The aim, says Kristen Joiner, "is to shine a light on what's happening with our local visionaries," to bring them together with other regional leaders and engage the public in a cross-pollinated, trans-disciplinary meeting of minds. The agenda: food, water, energy, transportation, the environment, health, education, spirituality, art, music and politics.
Sustain Dane's executive director explains that this is the abstract for "Bringing Bioneers to Wisconsin," scheduled for Nov. 13-14 at the BioPharmaceutical Technology Center Institute. Co-hosted by BTCI and Sustain Dane, the conference aims to induce creative conversations that point the way toward sustainability and social justice.
The model is imported from the annual Bioneers Conference held in San Rafael, Calif. Coined in 1990 by author, environmental activist and filmmaker Kenny Ausubel, bioneer was conceived as a noun for people inspired by the lessons of nature's design to pursue effective solutions to environmental crises. The term has since evolved to encompass people working toward cultural as well as biological diversity, and seeking systemic strategies for restoring a more broadly defined environment to health.
Though the noun has also been co-opted by bio-engineers and biotech firms, more than 12,000 people flock to northern California each fall for the original Bioneers Conference, engaging with presenters like author and foodways critic Michael Pollan and Mari Margil, associate director of the Community Environmental Legal Defense Fund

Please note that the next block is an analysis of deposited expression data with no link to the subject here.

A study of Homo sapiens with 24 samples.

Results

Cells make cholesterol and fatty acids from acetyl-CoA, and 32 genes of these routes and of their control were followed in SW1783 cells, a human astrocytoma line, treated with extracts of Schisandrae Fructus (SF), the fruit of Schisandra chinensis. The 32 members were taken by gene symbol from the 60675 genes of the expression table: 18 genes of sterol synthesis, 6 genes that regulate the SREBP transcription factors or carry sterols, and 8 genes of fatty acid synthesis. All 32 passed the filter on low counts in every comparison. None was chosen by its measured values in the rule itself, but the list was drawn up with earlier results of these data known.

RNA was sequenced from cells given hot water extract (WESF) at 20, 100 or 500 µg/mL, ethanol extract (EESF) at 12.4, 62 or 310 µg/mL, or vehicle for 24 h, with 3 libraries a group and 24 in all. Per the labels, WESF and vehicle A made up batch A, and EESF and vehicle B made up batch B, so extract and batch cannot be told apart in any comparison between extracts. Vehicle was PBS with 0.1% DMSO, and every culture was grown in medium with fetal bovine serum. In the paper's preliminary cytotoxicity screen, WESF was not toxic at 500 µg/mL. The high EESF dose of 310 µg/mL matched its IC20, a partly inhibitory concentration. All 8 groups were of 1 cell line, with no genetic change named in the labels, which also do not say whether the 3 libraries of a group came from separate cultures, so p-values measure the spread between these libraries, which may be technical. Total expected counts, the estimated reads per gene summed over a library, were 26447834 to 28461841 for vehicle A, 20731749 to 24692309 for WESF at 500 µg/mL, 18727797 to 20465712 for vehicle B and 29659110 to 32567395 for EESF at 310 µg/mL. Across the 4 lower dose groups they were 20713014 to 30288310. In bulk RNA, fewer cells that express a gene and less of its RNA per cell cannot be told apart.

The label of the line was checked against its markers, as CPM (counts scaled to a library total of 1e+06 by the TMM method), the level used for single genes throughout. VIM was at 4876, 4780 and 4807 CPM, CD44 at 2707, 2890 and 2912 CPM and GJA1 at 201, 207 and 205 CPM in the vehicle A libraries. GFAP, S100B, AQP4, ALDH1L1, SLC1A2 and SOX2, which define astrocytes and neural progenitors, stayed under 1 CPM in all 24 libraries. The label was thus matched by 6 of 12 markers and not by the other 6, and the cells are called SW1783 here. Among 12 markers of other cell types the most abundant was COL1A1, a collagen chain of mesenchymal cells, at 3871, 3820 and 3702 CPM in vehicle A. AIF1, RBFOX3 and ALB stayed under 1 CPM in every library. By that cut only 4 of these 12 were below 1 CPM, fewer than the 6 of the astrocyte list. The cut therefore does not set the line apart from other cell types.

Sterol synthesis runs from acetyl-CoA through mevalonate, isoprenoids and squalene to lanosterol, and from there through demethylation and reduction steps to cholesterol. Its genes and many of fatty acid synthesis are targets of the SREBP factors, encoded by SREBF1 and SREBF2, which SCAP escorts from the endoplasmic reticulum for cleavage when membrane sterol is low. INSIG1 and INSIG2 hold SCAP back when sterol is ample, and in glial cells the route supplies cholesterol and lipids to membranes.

DVDs of these and selected other presenters from last month's national gathering will be part of the Madison conference programming, but live bodies dominate the schedule. Among them: Ven. George Churinoff of Deer Park Buddhist Center; Design Coalition architect Lou Host-Jablonski; Next Generation CEO Rebecca Ryan; and representatives from the Center for Resilient Cities, Montana's Biomimicry Institute, DreamBikes and Friends of Lake Wingra.
Phil Lewis - the emeritus UW-Madison landscape architecture professor renowned for his far-sighted work on the impact of regional design, settlement patterns and transportation corridors on cultural and ecological diversity - further defines the conference as recipient of the first-ever Bringing Bioneers to Wisconsin Award. His concept for Wisconsin's Driftless Area as a protected biosphere reserve (amid the vast circle city defined by Chicago, Minneapolis, Green Bay and the Quad Cities) renders him a bioneer of the first order.
The schedule also includes performances by First Wave Poets and other spoken-word artists, musicians including the Tony Castañeda Latin Jazz Sextet, and displays by a handful of visual artists. Joiner expects the presence of the creative class to fertilize the proceedings, lending the sense of an "experience" that inspires innovative thinking.
In addition to BTCI and Sustain Dane, sponsors including MATC, Organic Valley, the UW's Nelson Institute for Environmental Studies, Isthmus/TheDailyPage.com and more than 20 other entities hint at the prospects for the desired synergy.
"Southern Wisconsin is a leading region for bioneers," Joiner observes. "I think we're one of the leading regions in the country in terms of people working on sustainability."
A native of Madison, Joiner says the growing convergence of sustainability initiatives is what lured her back to her hometown after 10 years in New York City. "When I was in New York, it felt like Madison was one of the leaders in thinking about sustainability," she says. "I wanted to come be a part of it."